Here's my inspiration picture for my latest WIP. This is Irish vampire and sometime Lord of the Rings dwarf, Aidan Turner. But in my mind he's also a handsome (And yes furry) Irish wolf-shifter who wakes up in Vegas to a big surprise... I really enjoyed writing this one.
Don't you love completing a task and having the satisfaction of standing back and saying, "I love what I just did."
A sense of completion is one of the best feelings in the world. A few minutes before I posted this blog I finished a short wolf-shifter romp set in Vegas. Instead of my usual anguished, doubt-ridden dash to the finish line, I slowed down and enjoyed the writing. I fell in love with the characters and walked into their world with my heart and imagination wide open.
This is something new to me and something I promised myself I would start doing. I want to enjoy everything important that I do and writing is very important to me.
As most of you who check in with Seven Sexy Scribes already know, I was my late sister's caregiver. In her last days, we shared a lot. I encouraged her to talk and unburden herself. It was hard to listen to some of her regrets. One of her biggest regrets was that she never allowed herself the pleasure of writing without dumping so much self-criticism into the mix that she rarely wrote more than a few pages before abandoning an idea. This was a woman who was a great lover of words and voracious reader. She had a huge collection of antique fountain pens, ink wells, and elegant handmade journals with nothing written in them. Beautiful sacred tools too precious to use. Christy was convinced writing had to be painful and self-destruction. Someone told her that all writers must sacrifice themselves to what she referred to as "The Cult of Cruelty" and she believed it.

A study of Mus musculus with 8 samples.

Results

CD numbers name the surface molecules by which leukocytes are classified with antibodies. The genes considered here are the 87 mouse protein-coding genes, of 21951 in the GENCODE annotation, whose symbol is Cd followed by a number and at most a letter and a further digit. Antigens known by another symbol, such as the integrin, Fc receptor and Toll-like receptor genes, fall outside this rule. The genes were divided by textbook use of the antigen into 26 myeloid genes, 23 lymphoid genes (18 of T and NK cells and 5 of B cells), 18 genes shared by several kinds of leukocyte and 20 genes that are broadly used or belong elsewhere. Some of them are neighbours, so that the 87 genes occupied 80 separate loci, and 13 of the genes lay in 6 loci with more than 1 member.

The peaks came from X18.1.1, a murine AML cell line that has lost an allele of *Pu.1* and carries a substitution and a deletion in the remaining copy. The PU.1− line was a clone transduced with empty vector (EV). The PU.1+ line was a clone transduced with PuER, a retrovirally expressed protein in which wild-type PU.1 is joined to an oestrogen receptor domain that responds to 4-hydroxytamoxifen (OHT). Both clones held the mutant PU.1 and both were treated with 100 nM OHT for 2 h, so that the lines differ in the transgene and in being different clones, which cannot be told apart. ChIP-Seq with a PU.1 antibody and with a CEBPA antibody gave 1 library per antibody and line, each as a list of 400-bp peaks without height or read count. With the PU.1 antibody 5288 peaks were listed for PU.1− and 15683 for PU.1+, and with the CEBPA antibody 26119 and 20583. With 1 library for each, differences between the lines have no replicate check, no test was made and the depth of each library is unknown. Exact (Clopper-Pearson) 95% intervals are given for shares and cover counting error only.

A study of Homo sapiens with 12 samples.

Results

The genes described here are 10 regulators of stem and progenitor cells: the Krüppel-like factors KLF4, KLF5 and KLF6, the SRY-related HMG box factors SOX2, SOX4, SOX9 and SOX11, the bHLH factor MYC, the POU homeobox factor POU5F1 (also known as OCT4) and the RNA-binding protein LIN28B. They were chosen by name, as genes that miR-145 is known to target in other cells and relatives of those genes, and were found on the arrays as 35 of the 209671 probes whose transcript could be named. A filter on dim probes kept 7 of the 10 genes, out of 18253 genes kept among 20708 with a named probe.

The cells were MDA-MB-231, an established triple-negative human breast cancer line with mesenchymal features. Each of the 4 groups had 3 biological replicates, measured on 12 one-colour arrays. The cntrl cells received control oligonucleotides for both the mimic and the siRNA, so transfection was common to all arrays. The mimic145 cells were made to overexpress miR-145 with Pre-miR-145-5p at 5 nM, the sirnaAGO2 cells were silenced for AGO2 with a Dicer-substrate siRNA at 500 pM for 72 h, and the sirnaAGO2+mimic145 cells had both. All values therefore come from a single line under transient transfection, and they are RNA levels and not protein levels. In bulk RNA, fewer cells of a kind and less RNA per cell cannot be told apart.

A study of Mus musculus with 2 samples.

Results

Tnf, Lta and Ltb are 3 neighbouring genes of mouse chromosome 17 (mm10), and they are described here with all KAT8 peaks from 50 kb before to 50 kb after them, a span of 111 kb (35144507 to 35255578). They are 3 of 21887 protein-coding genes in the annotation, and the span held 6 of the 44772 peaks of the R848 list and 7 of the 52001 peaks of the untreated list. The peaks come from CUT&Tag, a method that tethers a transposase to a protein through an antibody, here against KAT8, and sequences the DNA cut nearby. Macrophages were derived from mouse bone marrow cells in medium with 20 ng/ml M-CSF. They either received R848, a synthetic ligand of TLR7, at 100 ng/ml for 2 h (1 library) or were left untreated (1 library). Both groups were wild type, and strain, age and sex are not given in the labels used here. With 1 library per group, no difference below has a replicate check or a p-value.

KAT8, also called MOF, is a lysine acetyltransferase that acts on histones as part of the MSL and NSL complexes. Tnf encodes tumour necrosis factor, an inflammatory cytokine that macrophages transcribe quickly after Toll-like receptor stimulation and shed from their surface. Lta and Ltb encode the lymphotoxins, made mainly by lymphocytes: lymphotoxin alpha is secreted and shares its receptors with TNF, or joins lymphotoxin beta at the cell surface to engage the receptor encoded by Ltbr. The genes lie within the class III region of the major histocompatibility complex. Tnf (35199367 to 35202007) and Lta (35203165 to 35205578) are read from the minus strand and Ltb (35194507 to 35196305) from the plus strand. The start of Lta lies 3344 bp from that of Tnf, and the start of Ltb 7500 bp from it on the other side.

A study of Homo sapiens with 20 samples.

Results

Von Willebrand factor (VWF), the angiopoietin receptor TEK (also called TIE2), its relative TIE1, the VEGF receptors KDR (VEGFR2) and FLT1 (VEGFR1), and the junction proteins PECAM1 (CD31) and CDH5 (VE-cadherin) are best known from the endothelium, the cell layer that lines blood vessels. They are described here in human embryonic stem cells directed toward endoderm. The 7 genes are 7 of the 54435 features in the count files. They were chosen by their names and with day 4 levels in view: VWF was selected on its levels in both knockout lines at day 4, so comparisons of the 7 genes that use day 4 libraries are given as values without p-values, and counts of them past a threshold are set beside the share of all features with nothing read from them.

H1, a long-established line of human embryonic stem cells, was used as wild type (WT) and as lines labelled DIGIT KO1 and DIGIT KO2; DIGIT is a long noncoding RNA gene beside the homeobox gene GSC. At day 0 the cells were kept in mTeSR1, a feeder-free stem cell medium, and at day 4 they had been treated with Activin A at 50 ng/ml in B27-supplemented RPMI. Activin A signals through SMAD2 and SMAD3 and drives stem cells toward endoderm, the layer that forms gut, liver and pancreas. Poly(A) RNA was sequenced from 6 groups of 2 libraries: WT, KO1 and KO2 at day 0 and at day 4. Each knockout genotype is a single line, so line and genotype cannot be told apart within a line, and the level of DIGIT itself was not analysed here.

"The Cult of Cruelty" doesn't sound like much fun does it? Christy didn't know if the cult even existed, who was in it, or what they might do to a novice author once they were identified, yet the concept was more effective than any boogeyman could ever be in frightening her into giving up before she even started.
In the end, when she was high as a kite on morphine, she blurted, "Why didn't I just enjoy writing? What the hell was I thinking?" I held her hand and cried. I told her, "Grow thicker skin. Come back and try again." We both laughed with relief when I said. "Maybe writing is meant to be fun."
This was one of Christy greatest gifts to me. She made me realize how important my writing was to my mental health and sense of purpose. Writing is my fun time and safe retreat into my cosmic treehouse. I refuse to ruin or pollute the experience with over-critical drama and crappola.
This autumn has been all about playing catch up on months of lost work. I'll start the self-edits of my latest WIP next week. Meanwhile, I have two more manuscripts to finish before December and I'm going to love every day of writing.